FIRST Minister Jack McConnell today ruled out adding fluoride to Scotland’s drinking water.
He said the Executive was instead planning to bring forward a range of other measures to improve the dental health of children.
The news will delight campaigners who have fought for years to stop the controversial move.
And it will come as a blow to Glasgow health bosses who have tried on several occasions to get the chemical into the water supply in a bid to improve the city’s dental health record.
Mr McConnell today told Holyrood: “Having listened to views expressed, we will not be changing the current legislation on fluoridation of the water supply in this parliament.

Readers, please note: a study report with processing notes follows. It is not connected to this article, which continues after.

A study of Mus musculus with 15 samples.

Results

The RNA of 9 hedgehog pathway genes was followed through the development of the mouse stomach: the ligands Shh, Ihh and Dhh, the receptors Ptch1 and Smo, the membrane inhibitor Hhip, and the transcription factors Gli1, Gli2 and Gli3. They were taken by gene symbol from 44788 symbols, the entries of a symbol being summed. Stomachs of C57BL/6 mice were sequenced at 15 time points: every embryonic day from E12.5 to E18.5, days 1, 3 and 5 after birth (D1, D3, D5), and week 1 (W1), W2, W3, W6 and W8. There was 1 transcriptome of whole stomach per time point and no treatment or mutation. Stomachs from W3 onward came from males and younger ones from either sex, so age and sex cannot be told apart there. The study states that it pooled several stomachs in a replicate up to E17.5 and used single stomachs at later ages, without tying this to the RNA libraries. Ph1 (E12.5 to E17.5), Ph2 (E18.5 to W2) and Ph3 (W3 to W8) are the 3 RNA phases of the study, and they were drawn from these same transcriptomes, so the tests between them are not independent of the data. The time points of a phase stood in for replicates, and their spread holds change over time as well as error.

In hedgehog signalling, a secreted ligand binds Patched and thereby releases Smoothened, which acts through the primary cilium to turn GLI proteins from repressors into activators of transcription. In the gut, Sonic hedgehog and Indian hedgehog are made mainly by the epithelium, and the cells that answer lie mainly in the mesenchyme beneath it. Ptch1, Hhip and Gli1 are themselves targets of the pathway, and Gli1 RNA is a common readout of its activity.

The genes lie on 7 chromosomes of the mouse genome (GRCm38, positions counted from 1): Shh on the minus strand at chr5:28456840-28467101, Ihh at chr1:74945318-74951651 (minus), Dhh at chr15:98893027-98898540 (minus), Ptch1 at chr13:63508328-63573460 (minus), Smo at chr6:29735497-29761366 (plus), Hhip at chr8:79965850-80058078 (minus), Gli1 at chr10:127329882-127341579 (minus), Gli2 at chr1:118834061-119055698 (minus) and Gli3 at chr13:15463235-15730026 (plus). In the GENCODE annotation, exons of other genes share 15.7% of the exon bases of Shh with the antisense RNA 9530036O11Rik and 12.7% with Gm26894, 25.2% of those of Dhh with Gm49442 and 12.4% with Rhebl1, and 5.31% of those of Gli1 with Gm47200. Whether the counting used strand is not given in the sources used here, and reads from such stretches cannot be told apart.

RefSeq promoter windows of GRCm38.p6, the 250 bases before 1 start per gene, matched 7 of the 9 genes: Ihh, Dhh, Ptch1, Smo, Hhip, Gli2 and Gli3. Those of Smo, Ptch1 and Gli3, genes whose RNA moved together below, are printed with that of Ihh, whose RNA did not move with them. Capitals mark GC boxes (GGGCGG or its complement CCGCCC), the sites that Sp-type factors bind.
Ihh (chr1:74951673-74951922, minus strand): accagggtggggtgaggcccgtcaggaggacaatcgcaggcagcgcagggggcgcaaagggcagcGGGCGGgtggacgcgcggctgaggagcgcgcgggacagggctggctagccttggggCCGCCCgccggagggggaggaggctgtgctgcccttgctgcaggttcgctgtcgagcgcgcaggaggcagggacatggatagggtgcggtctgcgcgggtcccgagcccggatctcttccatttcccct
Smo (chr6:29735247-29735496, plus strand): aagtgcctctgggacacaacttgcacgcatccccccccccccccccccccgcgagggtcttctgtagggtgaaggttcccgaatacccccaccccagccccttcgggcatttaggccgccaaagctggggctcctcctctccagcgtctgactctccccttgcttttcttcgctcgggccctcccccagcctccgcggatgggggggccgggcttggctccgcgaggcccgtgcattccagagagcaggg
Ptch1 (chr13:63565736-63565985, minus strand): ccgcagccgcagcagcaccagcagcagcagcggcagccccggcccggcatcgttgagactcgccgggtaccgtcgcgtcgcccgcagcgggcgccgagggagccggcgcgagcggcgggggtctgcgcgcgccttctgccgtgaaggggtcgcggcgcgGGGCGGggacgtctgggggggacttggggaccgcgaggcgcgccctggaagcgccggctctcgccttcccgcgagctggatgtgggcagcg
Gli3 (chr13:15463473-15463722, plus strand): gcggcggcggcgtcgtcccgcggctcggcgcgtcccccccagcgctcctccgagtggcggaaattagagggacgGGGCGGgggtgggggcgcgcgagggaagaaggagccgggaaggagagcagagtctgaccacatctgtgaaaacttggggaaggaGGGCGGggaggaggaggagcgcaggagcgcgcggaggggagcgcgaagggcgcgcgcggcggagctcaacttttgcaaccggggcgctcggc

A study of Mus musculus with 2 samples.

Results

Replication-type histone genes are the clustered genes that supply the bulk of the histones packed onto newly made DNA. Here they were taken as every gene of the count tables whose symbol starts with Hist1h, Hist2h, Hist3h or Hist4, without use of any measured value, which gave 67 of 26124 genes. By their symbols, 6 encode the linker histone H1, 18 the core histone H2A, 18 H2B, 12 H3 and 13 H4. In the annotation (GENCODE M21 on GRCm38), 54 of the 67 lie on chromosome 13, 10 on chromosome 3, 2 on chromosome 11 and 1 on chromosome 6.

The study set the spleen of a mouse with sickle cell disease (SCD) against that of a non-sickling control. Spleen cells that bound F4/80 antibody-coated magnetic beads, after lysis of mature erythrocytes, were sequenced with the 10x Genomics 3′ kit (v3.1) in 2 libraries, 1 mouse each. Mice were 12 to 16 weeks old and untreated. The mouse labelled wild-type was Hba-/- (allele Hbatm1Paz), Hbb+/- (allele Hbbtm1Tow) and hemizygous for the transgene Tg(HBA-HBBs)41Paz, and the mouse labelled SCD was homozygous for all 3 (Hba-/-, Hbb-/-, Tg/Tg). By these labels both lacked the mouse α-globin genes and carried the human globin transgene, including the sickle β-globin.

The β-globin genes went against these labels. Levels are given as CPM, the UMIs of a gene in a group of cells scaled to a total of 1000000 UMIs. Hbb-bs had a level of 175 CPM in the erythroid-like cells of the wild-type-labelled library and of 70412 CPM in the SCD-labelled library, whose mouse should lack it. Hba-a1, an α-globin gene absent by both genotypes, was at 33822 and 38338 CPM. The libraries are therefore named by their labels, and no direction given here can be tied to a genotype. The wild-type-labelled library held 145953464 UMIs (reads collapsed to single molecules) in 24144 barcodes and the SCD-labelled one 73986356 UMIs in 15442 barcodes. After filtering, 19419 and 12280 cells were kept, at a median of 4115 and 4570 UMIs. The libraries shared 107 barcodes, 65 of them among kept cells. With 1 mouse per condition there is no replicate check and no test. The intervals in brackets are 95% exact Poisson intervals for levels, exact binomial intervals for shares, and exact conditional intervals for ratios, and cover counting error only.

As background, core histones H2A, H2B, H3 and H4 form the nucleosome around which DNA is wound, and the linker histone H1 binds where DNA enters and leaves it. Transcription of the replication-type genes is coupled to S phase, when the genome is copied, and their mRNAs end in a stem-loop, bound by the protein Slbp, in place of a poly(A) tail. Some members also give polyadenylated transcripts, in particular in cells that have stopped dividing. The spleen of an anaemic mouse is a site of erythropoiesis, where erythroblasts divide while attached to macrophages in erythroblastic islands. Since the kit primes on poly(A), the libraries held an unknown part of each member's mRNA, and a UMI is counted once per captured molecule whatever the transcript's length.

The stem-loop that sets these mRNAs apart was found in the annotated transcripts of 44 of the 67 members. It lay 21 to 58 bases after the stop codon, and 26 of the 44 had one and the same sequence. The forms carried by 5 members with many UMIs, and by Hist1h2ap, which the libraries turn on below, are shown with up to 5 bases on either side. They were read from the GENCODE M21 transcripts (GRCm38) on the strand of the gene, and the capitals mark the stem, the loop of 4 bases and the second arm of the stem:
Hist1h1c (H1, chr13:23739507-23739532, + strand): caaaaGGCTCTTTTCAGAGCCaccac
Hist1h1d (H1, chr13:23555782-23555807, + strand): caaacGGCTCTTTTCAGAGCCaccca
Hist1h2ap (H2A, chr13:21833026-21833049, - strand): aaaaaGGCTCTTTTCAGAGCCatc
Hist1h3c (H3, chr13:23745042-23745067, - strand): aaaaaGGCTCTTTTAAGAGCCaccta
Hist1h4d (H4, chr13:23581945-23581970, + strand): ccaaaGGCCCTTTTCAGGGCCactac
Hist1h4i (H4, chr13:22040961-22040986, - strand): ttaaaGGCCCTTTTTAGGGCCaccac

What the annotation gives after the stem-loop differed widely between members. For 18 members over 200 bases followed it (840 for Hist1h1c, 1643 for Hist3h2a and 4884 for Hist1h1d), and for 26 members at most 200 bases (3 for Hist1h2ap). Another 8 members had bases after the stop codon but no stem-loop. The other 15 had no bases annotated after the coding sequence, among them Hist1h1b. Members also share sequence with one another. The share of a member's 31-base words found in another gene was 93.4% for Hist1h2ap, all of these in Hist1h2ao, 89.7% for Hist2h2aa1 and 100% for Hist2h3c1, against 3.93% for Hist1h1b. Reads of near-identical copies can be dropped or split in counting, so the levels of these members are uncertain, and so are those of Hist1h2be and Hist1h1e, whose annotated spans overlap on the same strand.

Arguments over the benefits of fluoride for dental health have raged for more than 25 years.
While some experts back the move, campaigners claim it could damage health.
In 1978, councillors on Strathclyde Region approved a move to introduce flouridation by just one vote.
But Gorbals granny Catherine McColl fought a high-profile campaign that went to the Court of Session in Edinburgh.
There was a second move in 1992, but a major Evening Times’ campaign alerted the public and the health board’s bid failed.
And fluoridation is at the centre of NHS Greater Glasgow’s Oral Health Strategy which was unveiled by planning director Catriona Renfrew in August.
Today, the board could not say whether it would still try to gain permission for a local scheme.
But even if a bid was made, Mr McConnell’s statement means it is almost certain permission would be refused.